Having redefined how Americans and many others wake up to the day, and enjoying its role as a true lifestyle brand, Starbucks continues to pursue long-term growth with new products, new brands, and new markets.
Starbucks has been on pretty much a continuous growth arc since it was founded as a single coffee chop in Seattle in 1971. CEO Howard Schultz had been inspired by the more relaxed and meaningful morning coffee experience he saw in Italy. In fact, the company is coming full circle with plans to open its first Starbucks in Italy by early 2017—in Milan.
So in the US, the Starbucks chain transformed the notion of a morning “cuppa joe” by offering USD $4 servings of high-quality java flavored in a variety of ways and offered up in a comfortable coffee house environment. The goal was to create a branded experience that could satisfy the connoisseur as well as the coffee novice and, for all of Starbucks’ customers, create a “third place” outside of home and work.
From the beginning, Starbucks has been an important curator and creator of cultural content, beginning with background music selections at its stores that it offers as CDs, and continuing to this year, when Starbucks debuted its first original video content series, Upstanders, which aims to “inspire Americans to engage in acts of compassion, citizenship, and civility.”
Starbucks has created or acquired a wide range of brands to augment its basic coffee offerings with teas, yogurts, baked goods, and other lines. It acquired Teavana, a tea brand and line of tea houses, in 2012.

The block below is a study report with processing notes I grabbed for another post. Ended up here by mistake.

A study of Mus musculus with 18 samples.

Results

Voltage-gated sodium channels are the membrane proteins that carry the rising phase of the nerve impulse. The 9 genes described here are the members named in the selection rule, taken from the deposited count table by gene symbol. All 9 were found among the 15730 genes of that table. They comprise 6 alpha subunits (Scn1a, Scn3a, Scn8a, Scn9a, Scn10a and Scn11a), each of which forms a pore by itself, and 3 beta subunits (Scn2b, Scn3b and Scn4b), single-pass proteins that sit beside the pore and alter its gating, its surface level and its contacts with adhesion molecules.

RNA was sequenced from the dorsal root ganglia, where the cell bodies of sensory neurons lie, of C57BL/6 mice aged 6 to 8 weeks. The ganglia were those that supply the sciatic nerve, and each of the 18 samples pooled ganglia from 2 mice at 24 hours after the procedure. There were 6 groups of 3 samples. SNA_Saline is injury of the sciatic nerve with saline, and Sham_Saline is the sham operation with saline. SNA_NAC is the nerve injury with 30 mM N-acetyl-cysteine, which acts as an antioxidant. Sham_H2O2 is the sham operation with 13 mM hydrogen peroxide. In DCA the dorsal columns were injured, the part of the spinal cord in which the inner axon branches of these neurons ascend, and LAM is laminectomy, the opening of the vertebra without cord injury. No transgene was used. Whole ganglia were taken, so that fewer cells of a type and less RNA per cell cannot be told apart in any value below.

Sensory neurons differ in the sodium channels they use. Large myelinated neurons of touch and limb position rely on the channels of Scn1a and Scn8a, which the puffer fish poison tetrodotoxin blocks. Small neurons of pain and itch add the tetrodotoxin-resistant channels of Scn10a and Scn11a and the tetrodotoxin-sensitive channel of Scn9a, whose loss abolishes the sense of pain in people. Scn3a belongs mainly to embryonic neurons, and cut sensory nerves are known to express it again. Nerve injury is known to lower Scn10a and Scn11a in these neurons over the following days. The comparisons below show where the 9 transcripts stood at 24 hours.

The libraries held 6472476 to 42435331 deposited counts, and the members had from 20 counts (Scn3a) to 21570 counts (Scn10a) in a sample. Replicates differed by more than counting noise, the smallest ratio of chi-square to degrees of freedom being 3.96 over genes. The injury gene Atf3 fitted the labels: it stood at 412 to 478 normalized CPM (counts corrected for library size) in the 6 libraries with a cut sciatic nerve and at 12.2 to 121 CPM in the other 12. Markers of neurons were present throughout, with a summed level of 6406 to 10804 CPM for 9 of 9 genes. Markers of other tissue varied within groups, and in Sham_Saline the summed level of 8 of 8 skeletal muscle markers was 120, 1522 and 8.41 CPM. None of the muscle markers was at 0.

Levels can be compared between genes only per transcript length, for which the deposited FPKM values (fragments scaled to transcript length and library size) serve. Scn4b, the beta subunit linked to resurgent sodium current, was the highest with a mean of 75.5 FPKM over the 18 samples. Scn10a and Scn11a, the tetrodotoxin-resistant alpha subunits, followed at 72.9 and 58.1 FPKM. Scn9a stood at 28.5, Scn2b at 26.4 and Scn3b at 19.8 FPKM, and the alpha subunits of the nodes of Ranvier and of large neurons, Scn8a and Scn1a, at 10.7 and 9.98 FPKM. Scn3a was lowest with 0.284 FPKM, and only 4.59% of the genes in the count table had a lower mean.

And it’s always looking for more ways big and small to extend sales and grow the brand. For example, Starbucks plans to increase its global tea business to USD $3 billion over the next five years as it starts selling Teavana drinks across the Asia Pacific region. Tea, of course, is much bigger than coffee in China.
Cashing in on the cold brew coffee trend, Starbucks has introduced Nitro Cold Brew on tap in locations in seven major cities, including San Francisco, New York and Los Angeles, as well as a line of cold brew drinks such as Vanilla Sweet Cream Cold Brew and Starbucks Doubleshot on Ice. “The opportunity to create an entirely new cold coffee experience is limitless and our customers are already telling us that they want to meet us on this journey as cold coffee is now becoming a go-to drink,” said Schultz
— Starbucks News (@Starbucksnews) May 31, 2016
Starbucks gift cards are ubiquitous at Christmas, and its loyalty program is highly successful. The chain recently faced customer backlash of changes to the program, which contributed to its first quarter of less than 5 percent comparable-store sales growth in more than six years—performance that Schultz called “an anomaly.”
And with growth factors such as rising loyalty card membership and the proliferation of Starbucks-owned brands and products, it’s indeed hard to believe that the bad quarter will be anything but a hiccup.
Schultz also identified other problems that contributed to “a very unusual time” of stagnation for the brand this year, including “a confluence of social and political turmoil at home, weakening consumer confidence, and clearly increasing global uncertainty.”
But no doubt Starbucks will find a way to grow through it all. There’s little that a good cup of coffee can’t make better.